They await word on Conn. probe

WEST HAVEN, Conn. -- The arrest last month of a Waterbury man on an attempted kidnapping charge has put on edge the parents of a Warren, Mass., teenager who vanished five years ago.

John Regan, 49, attracted attention in the case of Molly Bish and other unsolved crimes after he was arrested Oct. 31 on a charge of attempted kidnapping in Saratoga Springs, N.Y., where he is accused of trying to force a youngster into his work van.

''His arrest was a heart-stopping thing for us," said John Bish, who spoke about child safety at the University of New Haven Saturday with his wife, Magdalen.

Their 16-year-old daughter vanished from her lifeguard post at a pond near her home in Warren on June 27, 2000. Police recovered her remains nearly three years later.

''She came home bone by bone," Magdalen Bish said. ''First her shin bone, then her skull. . . . In the end, 26 of Molly's bones came home to us."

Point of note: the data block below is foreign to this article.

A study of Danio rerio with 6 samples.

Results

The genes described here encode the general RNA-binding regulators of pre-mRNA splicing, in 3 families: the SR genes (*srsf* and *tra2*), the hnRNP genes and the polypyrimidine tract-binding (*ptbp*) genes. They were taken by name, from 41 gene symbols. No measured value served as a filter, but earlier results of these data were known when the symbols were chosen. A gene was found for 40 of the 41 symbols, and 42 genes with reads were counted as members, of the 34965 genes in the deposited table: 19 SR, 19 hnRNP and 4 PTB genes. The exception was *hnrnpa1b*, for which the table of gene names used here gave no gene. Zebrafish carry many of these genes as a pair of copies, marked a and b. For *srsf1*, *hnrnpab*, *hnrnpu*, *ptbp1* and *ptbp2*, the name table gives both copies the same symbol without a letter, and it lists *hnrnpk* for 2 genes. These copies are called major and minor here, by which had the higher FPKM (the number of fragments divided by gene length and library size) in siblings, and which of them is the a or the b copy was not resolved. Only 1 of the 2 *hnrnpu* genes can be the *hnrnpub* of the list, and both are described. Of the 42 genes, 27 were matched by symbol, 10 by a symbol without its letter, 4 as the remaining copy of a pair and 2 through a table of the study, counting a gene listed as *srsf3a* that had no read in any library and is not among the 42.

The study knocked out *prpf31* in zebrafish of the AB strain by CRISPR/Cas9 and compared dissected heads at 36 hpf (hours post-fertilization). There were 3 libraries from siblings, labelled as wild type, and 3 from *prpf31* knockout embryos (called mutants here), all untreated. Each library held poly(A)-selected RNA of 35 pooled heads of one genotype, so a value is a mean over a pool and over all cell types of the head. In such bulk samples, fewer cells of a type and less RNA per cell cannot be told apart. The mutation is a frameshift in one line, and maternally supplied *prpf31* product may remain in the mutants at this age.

Investigators said they will review Regan's work records to see whether the roofing and siding salesman was in Western Massachusetts the day Bish disappeared. He traveled annually to conferences in Sturbridge, Mass., not far from the pond where Bish was last seen, investigators say.

Regan has not been charged in the Bish case. His lawyer, E. Stewart Jones, said investigators are overreacting and will turn up nothing.

Since their daughter's death, the Bishes have established the Molly Bish Foundation to promote safety and raise awareness of missing children.

Their visit to the University of New Haven was organized by a student group that helps victims of crime.

The foundation provided the audience with child safety identification kits that include up-to-date photos, a child's fingerprints, information about height, weight, age, and a description of identifying marks.

The Bishes said they did not have an adequate identification kit of their daughter, instead providing police with blurry and outdated photos that did not help in the search.

''We learned painfully the importance of an identification kit," John Bish said.